Situated in the Boyne Valley area of Meath, Slane Castle, and its 150 acre grounds, is perhaps most famous for its rich history dating back over 300 years and of course the world-renowned Slane Concert series.
There are, however, many other more recent facets to the estate that have been less explored. Not only is Slane Castle and grounds a music and wedding venue but also an organic farm boasting markets, shops, food festivals and a glamping experience. In 2017 Slane Distillery was opened after several years of refurbishments on the buildings, adding another interesting string to Slane Castle bow.
From providing its own produce for diners at the Gandon Room Restaurant in the castle to drinking whiskey at Browne’s Bar, self-sufficiency and sustainability are key themes that strongly run through the estate’s ethos. We spoke to Alex Conyngham (the Earl of Mount Charles), son of Henry Conyngham (Lord Conyngham), about the farm, distillery, renewable energy and the estate’s impact on the environment.
Alex and his wife Carina have always had an interest in all things environmental, both having worked and studied in the renewable energy area, so the progression to using this knowledge to develop the Slane estate was a logical one. In 2010 the couple took on Rock Farm, now a certified organic farm, featuring dexter cattle, rare pig breeds, chickens and a vegetable patch, set in a three acre forest garden.
“When we took it we wanted scale it up so we could feed ourselves better as well produce for those staying with us,” said Alex. Much of the food produced on the farm supplies the restaurant at the castle but it also feeds hungry ‘glampers.’ The farm offers boutique camping, or glamping, itself extremely ecologically sound, between April and November. The current setup is five yurts and two shepards huts, with catering options available.
The farm has not only benefited from the couple’s expertise, but also from the advice of friends, The Slane Food Circle, international organic farmers, the organisation WWOOF (World Wide Opportunities on Organic Farms), and other volunteers.
“People now look much more carefully at what they consume and how it is produced,” said Alex. “When you look back through history you can see bringing in these new chemicals and pesticides that we didn’t do things the right way – we didn’t have these before.”
Overall the idea initially was to minimise the waste produced by the entire estate. “We intended to do that right from the beginning and then create financial sustainability,” Alex said. “It makes financial sense and economic sense, to reuse and repurpose things that could potentially be wasted otherwise. If it did not make financial sense to do this, we wouldn’t be able to.” The farm is working on producing its own barley, ultimately intended for supply to the distillery.
Rock farm employs a system of biodiversity, allowing for a natural variety of species of plants and animals to exist in the area – whereas modern farming generally is what Alex described as a ‘continuous cropping monoculture’, which in turn depletes the natural organic matter in the soil. Crop rotations – using break crops – enrich the soil and the farm never allows fields to go bare, in order to keep it as fertile as possible. The farm has even planted extra hedgerows to link various areas of the farm and to encourage wildlife. There are even a number of owl and bat boxes.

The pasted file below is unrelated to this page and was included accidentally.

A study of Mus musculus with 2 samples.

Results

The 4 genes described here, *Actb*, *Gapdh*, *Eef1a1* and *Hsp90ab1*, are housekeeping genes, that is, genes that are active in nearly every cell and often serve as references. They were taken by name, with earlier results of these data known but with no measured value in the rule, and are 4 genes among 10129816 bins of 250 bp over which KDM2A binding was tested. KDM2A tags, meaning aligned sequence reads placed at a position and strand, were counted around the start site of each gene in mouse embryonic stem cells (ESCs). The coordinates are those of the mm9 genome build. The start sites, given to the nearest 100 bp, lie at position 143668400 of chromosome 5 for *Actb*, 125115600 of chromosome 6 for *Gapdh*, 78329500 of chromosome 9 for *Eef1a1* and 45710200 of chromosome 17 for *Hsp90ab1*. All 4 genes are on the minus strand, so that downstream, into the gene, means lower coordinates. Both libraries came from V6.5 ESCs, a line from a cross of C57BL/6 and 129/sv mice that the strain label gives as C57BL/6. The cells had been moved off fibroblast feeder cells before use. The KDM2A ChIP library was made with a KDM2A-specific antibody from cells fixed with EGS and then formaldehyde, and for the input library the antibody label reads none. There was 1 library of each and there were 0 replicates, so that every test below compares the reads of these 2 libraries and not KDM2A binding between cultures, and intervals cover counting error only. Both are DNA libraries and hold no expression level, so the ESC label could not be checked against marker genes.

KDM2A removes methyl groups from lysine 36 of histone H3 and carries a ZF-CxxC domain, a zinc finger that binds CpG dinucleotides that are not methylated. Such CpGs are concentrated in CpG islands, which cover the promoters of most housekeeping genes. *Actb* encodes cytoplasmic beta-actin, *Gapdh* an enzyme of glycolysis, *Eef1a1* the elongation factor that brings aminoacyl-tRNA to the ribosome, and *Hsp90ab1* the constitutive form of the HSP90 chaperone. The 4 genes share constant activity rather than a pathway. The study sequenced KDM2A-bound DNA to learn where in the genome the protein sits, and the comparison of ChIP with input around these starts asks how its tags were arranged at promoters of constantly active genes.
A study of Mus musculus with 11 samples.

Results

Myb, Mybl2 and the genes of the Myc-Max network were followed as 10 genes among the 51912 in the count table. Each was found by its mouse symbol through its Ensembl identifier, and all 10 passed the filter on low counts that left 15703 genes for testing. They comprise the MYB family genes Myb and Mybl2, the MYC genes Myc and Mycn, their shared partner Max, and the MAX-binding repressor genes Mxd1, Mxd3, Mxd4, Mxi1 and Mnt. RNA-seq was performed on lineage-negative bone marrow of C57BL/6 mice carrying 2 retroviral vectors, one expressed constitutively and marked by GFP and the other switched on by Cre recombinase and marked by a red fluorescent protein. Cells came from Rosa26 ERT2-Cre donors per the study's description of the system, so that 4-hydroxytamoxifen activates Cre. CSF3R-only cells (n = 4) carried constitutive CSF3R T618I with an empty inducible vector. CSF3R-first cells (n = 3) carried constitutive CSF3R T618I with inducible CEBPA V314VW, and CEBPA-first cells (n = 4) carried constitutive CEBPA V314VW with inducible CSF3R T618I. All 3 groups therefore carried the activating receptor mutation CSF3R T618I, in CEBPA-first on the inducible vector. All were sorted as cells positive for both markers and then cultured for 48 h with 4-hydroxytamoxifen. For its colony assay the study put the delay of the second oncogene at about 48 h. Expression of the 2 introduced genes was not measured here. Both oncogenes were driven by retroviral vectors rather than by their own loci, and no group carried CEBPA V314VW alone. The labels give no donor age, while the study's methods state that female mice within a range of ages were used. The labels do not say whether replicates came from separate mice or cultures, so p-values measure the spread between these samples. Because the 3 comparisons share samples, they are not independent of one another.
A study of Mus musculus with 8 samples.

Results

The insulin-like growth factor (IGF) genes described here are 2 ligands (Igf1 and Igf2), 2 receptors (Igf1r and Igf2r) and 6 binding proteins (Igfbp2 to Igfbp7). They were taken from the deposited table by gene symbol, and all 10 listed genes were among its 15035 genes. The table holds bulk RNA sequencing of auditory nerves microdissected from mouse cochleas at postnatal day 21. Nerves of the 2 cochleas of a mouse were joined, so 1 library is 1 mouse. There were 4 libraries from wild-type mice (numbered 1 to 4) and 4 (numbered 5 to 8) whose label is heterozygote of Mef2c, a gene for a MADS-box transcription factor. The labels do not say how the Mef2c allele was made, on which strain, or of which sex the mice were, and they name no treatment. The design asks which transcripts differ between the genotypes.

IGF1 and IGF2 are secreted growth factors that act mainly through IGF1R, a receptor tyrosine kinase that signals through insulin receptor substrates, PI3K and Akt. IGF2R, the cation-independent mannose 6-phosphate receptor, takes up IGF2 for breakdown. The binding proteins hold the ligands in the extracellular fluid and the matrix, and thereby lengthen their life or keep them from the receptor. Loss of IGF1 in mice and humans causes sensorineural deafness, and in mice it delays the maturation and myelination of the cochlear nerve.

Slane Castle Distillery was founded in 2009 but has only recently come fully on-stream. No stranger to the whiskey industry, having previously worked internationally for another Irish whiskey brand, it made sense that Alex would co-found the company with his father and then build a sustainable distillery on site. Unfortunately, although trading from 2009, the company’s original whiskey supplier dried up in 2012, forcing them to put the project on blocks. This changed with a new partnership with Brown-Forman in 2017 which allowed them to begin building the distillery onsite.
The sustainability element has most certainly informed Slane distillery’s design, as Alex was very interested in renewable energy and lower carbon emissions, with their ultimate aim being to move towards a ‘zero waste facility’. Using an anaerobic digester to reuse heat and energy, the distillery has reduced the amount of its fossil fuel usage by up to 30%.
“With distilling, we have to use a lot of energy, alcohol, and water, and with that there are bi-products which we can extract extra value and energy from,” explained Alex.
The distillery uses water from the River Boyne and is currently learning how to grow barley in order to supply themselves and cut down on the carbon emissions involved in its transportation. “We still use natural gas – it’s cleaner but there is no way around it,” he said, “but we are well on our way to where we want to be.”
Most of the Boyne Valley area is tied in closely with the Slane estate, generating somewhat of its own ecosystem. “There’s something enriching in the keeping it in the area,” said Alex. “It’s not just about supporting each other – we actually have wonderful relationships and there is a lot of cross selling.” The area in general boasts a healthy range of produce-based businesses with beautiful ciders, beers and cheese all produced locally.
Alex’s attitude towards the estate is the most important aspect of this story – he believes that he is incredibly fortunate to live and work in Slane. His passion for it is clear and he finds it rewarding, having embraced his relationship with the land. “We are protecting the land here at Slane, not owning it,” Alex concluded.